US-based vaccine maker Pfizer and its German partner BioNTech on Wednesday announced that they have secured emergency use authorisation for their COVID-19 vaccine in the UK. The development has made the UK one of the first countries to start immunisation of its population, as early as next week, against the deadly virus that has affected millions of lives.
While the UK has granted permission, other countries aren’t far behind. The US and the European Union are also vetting the Pfizer shot along with a similar vaccine made by competitor biotech firm Moderna Inc.
Pfizer said it would immediately begin shipping limited supplies to the UK and has been gearing up for even wider distribution if given a similar nod by the US Food and Drug Administration, a decision expected as early as next week.
But doses everywhere are scarce and initial supplies will be rationed until more is manufactured in the first several months of next year.
Pfizer CEO Albert Bourla called the UK decision “a historic moment”. “We are focusing on moving with the same level of urgency to safely supply a high-quality vaccine around the world,” Bourla said in a statement.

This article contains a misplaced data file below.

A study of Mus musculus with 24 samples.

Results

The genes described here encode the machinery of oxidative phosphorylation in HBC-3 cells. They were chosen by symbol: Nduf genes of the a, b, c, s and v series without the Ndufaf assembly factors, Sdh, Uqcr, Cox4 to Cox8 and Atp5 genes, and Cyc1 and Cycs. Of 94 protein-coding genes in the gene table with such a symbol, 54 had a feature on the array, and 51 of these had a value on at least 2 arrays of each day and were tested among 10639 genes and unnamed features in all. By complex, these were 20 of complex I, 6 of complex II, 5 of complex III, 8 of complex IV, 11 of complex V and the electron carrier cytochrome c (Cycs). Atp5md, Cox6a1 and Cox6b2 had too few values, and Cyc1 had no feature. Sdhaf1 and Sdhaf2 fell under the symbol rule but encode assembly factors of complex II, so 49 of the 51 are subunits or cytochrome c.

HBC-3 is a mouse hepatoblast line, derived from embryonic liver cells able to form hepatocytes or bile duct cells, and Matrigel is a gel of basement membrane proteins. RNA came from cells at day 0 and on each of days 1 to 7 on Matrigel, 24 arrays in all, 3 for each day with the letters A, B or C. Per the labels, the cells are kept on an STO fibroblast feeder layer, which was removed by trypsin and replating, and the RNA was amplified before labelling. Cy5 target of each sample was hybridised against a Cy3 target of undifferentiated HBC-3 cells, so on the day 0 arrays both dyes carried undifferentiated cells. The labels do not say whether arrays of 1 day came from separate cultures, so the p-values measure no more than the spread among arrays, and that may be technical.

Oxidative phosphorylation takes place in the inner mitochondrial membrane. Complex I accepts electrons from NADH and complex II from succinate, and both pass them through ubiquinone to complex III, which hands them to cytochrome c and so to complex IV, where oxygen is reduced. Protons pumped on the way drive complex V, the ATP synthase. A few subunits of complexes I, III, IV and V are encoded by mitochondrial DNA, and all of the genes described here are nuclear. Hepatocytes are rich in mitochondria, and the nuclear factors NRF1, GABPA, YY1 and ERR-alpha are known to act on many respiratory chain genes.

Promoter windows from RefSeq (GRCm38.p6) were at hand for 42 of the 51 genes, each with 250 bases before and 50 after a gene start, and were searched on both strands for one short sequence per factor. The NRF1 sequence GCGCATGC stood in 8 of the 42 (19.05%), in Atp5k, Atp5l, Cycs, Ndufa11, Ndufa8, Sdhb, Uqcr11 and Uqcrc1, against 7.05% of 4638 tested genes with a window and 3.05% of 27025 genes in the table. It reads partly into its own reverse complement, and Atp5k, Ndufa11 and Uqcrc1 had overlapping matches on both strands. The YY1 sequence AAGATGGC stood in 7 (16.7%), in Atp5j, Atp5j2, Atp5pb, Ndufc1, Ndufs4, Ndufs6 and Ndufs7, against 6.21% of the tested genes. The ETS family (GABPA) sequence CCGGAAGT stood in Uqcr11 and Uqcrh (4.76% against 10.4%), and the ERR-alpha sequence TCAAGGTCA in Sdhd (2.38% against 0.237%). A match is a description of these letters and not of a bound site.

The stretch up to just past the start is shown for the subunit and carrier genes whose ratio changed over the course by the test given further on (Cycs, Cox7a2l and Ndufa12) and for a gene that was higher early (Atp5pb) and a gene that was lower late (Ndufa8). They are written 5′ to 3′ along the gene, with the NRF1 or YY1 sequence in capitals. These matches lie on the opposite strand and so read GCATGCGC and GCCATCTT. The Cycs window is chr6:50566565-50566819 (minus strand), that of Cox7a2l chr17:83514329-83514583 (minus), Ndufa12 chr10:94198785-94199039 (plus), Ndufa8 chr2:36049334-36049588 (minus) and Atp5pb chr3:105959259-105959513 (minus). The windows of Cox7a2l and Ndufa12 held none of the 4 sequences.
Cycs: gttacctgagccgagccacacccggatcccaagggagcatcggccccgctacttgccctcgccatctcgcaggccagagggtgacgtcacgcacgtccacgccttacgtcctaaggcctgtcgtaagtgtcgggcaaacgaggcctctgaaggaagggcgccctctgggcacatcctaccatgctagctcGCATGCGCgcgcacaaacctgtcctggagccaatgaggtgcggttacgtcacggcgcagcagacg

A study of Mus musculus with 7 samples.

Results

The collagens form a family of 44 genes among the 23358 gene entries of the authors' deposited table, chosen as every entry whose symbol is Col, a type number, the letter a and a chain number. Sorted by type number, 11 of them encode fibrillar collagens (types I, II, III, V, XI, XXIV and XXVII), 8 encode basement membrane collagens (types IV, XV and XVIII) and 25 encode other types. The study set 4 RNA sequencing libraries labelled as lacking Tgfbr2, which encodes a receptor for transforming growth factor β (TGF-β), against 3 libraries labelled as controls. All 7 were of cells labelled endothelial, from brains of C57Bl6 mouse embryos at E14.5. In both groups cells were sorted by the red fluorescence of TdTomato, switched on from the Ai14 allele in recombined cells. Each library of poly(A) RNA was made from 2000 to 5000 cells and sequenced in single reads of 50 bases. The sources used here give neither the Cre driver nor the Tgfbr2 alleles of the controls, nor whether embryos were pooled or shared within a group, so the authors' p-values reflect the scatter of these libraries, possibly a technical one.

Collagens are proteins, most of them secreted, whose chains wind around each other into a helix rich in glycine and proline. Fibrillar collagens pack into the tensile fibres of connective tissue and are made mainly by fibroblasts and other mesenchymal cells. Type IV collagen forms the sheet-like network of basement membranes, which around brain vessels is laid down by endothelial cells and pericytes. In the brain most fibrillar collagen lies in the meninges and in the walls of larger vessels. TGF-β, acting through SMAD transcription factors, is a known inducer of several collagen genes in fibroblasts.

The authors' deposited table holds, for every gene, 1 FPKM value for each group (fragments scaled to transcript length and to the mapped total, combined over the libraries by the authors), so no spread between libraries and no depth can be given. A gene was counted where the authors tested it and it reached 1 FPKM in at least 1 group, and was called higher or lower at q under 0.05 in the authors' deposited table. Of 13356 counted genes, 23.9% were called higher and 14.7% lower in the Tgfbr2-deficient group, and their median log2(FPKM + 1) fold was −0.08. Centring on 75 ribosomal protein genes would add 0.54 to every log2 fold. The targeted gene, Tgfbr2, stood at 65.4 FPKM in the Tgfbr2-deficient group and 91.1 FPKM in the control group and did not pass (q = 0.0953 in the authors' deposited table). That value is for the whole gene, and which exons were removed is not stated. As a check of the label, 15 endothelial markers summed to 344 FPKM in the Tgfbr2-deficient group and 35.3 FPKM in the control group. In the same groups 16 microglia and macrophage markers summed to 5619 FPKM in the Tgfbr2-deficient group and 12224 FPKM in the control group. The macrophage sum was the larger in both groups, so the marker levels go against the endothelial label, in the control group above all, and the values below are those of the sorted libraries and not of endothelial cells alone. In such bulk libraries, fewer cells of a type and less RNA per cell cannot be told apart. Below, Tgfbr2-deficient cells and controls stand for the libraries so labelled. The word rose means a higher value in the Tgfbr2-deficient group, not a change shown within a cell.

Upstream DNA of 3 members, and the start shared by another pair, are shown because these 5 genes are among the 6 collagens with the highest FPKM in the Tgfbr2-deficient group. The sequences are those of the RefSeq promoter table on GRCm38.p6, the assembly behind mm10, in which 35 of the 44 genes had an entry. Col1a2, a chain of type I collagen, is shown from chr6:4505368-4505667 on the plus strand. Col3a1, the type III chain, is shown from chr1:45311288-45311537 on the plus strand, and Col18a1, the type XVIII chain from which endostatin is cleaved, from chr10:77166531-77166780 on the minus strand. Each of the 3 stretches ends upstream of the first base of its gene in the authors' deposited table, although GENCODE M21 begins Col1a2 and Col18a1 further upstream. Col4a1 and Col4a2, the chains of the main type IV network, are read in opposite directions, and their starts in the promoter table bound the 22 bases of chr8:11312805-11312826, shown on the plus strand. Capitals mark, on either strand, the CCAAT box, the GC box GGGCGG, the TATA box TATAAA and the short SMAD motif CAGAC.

Pfizer’s vaccine’s storage & distribution a major challenge
While the UK has ordered enough Pfizer vaccine for 20 million people, it’s not clear how many will arrive by 2020-end. The Pfizer vaccine has a major storage and distribution challenge as it must be stored at ultra-cold temperatures.
Two doses three weeks apart are required for protection. First in line, the UK government says, are frontline health care workers and nursing home residents, followed by older adults.
British regulators also are considering another vaccine made by AstraZeneca and Oxford University. But Prime Minister Boris Johnson has warned “we must first navigate a hard winter” of restrictions to try to curb the virus until there’s enough vaccine to go around.
Efficacy of 95% in early results
The shots made by Pfizer and BioNTech were tested in tens of thousands of people. And while that study isn’t complete, early results suggest the vaccine is 95% effective at preventing mild to severe COVID-19 disease. The companies told regulators that of the first 170 infections detected in study volunteers, only eight were among people who’d received the actual vaccine and the rest had gotten a dummy shot.
The companies also reported no serious side effects, although vaccine recipients may experience temporary pain and flu-like reactions immediately after injections.